Effective Use of Clinical Decision Support in Critical Care: Using Risk Assessment Framework for Evaluation of a Computerized Weaning Protocol
Objective: To apply and validate the use of a risk assessment method called Functional Resonance Accident Method (FRAM), which is originally proposed for adverse event analysis in the aviation industry, to evaluate effective use of a CWP in a medical intensive care unit.
Study Design and Methods: Multiple data collection methods including (1) ethnographic observations, (2) semi-structured interviews, and (3) review of hospital documents related to workflow, procedures, and training were used to simulate a FRAM based model of the CWP and identify factors affecting its use. Subsequently, we validated our findings by shadowing clinicians during 65 weaning attempts (120 h of in vivo data).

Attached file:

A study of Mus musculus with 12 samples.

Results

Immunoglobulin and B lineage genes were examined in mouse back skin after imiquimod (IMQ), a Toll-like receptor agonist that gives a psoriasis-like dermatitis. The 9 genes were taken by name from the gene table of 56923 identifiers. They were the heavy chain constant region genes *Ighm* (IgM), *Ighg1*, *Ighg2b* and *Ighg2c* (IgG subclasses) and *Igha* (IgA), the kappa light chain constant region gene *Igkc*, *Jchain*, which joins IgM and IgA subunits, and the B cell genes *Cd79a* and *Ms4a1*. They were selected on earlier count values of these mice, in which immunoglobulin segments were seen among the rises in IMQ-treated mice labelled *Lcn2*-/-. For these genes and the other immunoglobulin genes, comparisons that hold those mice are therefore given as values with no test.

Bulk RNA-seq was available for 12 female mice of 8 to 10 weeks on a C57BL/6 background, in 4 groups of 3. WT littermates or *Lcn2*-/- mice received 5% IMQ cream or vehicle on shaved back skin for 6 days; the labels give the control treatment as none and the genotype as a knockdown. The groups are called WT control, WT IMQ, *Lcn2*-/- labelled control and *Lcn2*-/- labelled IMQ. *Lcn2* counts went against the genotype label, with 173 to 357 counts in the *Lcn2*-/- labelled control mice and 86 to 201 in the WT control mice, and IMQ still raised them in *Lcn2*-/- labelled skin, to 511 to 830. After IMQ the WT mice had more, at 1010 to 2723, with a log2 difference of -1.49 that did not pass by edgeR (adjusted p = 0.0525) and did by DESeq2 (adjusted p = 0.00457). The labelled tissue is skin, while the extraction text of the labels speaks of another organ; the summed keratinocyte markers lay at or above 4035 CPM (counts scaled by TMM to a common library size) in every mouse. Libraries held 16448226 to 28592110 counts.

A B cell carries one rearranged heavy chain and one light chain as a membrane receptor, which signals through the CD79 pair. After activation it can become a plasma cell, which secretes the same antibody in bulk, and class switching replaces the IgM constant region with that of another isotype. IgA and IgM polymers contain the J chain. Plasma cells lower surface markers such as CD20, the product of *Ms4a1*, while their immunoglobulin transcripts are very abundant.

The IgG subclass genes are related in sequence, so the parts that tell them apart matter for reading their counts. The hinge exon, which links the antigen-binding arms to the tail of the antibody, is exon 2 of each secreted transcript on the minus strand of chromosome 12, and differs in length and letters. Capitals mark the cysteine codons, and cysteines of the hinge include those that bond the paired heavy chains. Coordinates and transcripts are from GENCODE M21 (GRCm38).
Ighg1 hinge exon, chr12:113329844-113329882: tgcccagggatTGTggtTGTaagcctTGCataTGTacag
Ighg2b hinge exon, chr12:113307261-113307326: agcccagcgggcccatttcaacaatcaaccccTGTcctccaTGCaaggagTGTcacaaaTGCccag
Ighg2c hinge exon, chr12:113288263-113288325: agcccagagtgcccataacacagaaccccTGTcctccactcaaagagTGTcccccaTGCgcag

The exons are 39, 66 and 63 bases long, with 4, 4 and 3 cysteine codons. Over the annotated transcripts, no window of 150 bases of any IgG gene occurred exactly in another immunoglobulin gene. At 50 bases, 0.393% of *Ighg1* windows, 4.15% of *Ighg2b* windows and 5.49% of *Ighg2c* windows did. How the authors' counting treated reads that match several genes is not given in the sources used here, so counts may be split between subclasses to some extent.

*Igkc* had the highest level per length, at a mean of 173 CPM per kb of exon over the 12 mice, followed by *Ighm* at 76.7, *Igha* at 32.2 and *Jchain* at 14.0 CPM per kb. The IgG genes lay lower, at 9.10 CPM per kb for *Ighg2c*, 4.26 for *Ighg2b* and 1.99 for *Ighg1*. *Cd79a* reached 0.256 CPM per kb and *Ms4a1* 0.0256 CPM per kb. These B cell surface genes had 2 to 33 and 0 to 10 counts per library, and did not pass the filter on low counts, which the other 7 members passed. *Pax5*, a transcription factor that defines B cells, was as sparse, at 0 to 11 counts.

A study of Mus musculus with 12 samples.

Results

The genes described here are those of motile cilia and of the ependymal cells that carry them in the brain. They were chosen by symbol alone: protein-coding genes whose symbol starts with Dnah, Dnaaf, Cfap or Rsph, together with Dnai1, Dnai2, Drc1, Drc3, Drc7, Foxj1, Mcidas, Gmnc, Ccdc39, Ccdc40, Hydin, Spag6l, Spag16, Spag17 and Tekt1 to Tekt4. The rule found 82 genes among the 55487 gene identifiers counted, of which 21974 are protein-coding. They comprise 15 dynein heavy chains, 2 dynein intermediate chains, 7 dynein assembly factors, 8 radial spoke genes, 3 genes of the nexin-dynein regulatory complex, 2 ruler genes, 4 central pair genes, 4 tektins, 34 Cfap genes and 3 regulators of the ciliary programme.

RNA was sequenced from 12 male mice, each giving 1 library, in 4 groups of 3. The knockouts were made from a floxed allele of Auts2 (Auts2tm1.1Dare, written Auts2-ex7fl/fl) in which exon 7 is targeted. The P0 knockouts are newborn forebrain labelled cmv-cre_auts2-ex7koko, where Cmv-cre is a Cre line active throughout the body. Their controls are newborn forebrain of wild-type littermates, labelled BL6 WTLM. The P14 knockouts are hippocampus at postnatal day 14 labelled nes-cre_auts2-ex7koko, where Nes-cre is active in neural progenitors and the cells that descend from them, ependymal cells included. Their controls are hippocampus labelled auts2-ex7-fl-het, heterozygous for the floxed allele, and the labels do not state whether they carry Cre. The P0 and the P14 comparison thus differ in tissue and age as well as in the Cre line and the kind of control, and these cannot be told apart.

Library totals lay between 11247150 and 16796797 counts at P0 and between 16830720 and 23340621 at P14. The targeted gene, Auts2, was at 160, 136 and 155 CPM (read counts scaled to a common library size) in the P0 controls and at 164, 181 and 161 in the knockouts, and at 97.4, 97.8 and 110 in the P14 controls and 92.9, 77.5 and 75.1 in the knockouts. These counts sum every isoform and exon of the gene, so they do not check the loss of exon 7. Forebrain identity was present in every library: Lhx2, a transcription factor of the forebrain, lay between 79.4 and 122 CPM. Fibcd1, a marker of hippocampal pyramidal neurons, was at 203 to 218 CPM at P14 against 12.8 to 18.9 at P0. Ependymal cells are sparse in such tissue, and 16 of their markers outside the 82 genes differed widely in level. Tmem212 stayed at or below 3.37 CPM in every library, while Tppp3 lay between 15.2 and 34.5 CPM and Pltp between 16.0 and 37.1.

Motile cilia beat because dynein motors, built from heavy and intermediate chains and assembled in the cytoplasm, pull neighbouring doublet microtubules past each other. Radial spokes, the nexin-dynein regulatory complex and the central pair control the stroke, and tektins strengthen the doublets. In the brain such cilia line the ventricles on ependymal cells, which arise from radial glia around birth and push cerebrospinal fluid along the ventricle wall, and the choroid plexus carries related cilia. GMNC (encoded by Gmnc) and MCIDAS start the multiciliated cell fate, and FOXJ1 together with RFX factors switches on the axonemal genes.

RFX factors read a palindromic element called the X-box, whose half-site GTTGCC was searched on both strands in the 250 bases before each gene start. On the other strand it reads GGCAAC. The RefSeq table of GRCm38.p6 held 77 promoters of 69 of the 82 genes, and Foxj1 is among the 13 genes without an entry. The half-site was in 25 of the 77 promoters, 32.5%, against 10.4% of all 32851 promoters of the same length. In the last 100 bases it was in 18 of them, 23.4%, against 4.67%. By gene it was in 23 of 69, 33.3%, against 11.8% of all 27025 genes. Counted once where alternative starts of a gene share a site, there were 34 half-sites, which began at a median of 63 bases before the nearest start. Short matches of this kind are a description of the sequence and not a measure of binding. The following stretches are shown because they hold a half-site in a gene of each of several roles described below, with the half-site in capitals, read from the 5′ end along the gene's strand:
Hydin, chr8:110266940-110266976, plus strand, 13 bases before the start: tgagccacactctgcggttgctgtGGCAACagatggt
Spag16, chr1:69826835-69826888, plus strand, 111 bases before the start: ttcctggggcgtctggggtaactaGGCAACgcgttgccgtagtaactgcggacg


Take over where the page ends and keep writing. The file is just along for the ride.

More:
Results: The factors posing risk to effective use of CWP included misinterpretation of CWP’s sedation assessment scale, communication and collaboration breakdowns, problems with on-time support delivery, and negative perception of the protocol among clinicians. During the in-situ validation, we found that 45 of the 65 attempts were favorable, 16 fell under near-miss category, while the remaining four were unfavorable.
Conclusions: Non-linear risk assessment method based on resilience engineering concepts is an effective approach for identification of factors for safe use of decision support aids in the real- world health care environment.
KeywordsComplexity Medical error Risk assessment Computerized weaning protocol Clinical decision support
This research was supported by an award from the James S McDonnell Foundation (Grant 220020152) to Vimla Patel. We thank all of the clinicians for their time and involvement in the study.
Disclosures: The authors have nothing to disclose and have no Conflict of Interest.